A treasure awaits readers who encounter Red at the Bone, who descend the staircase with a loose step as 16-year-old Melody does in her coming-of-age party at the start of the novel. Jacqueline Woodson’s latest book for adults looks at a middle-class black family in Brooklyn and the struggles and triumphs that brought them to this moment, celebrating the daughter who was the unexpected product of a teenage romance. The novel is both a uniquely black story about multigenerational love and upward mobility–and a universal American tale of striving, failing, then trying again.
Woodson, internationally renowned for her work for young readers, has published more than 30 books over as many years. In 2014, she won a National Book Award for Brown Girl Dreaming, a middle-grade memoir in verse. In Red at the Bone, the author refines the talent for finding precise language to describe overwhelm and passion, confusion and potential she exhibited in that memoir. In about 200 pages, we are met with Woodson’s vast range, insight and tenderness, particularly in her treatment of young people carrying the weight of old souls.
Teen pregnancy is often treated like a tragedy in narratives of black life, but the lens here is more realistic: life goes on. Melody spends her formative years with her father Aubrey and her maternal grandmother Sabe while her mother Iris heads off to college as planned.
At Oberlin, away from the watchful eye of her parents and her new family, Iris falls for someone, a sexy and smart young woman who stirs her more than any man ever has. It’s fitting then that the title of the novel references that raw desire we all have to claim the people and things we most want in life. When Iris imagines the object of her passion being with another woman, Woodson describes her jealousy in bracing terms: “She had to take slow breaths to calm herself down. She felt red at the bone–like there was something inside of her undone and bleeding.”
Love, whether requited or not, can be a killer. And the pangs of love, in its many forms, reverberate through Woodson’s pages, which hit close to the marrow of old Brooklyn, with brown girls and boys, dreaming; their parents and grandparents, too, wishing for peace, to be settled.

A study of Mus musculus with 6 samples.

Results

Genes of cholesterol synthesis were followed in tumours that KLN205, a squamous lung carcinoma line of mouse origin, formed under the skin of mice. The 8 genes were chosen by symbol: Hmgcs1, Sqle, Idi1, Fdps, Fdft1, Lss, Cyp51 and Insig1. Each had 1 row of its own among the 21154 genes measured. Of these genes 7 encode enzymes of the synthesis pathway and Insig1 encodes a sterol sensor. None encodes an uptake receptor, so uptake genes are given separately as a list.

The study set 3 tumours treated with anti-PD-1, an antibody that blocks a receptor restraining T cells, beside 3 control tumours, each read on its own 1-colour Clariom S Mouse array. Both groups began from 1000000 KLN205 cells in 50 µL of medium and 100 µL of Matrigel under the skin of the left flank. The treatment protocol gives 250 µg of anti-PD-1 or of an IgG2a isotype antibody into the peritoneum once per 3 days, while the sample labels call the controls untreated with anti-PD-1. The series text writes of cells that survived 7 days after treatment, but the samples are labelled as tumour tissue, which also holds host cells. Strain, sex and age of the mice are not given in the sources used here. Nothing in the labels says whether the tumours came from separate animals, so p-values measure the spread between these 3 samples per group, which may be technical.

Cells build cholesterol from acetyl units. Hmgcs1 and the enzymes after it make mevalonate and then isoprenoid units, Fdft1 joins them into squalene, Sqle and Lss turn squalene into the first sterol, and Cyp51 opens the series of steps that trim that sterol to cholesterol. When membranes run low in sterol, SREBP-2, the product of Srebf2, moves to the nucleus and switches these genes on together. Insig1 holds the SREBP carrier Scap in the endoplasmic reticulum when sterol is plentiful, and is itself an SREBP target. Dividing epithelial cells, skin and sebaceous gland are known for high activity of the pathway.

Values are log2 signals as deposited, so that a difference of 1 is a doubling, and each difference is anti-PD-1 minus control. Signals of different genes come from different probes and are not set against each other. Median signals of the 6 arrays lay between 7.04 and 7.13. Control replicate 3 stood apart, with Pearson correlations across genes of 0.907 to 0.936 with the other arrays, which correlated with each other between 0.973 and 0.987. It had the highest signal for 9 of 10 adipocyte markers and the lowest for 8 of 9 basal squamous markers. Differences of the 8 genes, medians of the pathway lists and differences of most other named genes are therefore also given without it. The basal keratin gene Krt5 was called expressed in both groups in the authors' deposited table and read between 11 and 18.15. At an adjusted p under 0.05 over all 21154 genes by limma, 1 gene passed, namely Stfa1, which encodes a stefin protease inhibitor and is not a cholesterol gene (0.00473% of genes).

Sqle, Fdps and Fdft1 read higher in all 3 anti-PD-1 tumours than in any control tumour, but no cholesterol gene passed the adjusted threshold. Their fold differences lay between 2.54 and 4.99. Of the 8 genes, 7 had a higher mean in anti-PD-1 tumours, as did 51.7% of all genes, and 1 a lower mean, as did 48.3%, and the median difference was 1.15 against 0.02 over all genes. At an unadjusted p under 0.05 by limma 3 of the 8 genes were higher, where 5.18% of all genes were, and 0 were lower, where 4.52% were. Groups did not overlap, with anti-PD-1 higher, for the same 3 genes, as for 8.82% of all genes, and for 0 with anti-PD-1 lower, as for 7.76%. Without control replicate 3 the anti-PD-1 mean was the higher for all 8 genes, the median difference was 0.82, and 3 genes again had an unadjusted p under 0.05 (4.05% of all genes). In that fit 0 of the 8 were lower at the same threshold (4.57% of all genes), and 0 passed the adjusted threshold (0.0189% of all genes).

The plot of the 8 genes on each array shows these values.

The chapters in Red at the Bone shift back and forth in time, giving each character a chance to narrate and moving seamlessly between their distinct histories. Po’Boy, the patriarch, was a Morehouse man; Sabe attended Spelman. Aubrey is content to work in the mail room at the World Trade Center. Grandmother and granddaughter are each, in her own right, the culmination of otherwise deferred dreams. They both present an opportunity to get things right after generations of lives pushed off track: Sabe in her stories of overcoming the terrors of the Tulsa, Okla., race riots, Melody as she dons the dress her mother was meant to wear to her own coming-of-age ceremony, one that never happened. Woodson evokes black formalism, a post-Reconstruction movement meant to highlight black dignity through dress, style and traditions performed beyond the white gaze, to depict an aspirational American family surviving the troubles they meet.
And while not a particularly sympathetic character, Iris represents that resilience. Her narration reminds us of just how young she and Aubrey were when they made the choices that set the course of their lives. Running through the novel is the realization that all stages of life have disruptions that will ripple on the surface and also below: at eye level here are the unresolved tensions coloring Melody’s ceremony, while beneath them are the unplanned events that have changed not just her life, but everyone’s. In telling this story, Woodson sees to it that we remember that in spite of our circumstances, for good or for bad, we go on.
This appears in the September 30, 2019 issue of TIME.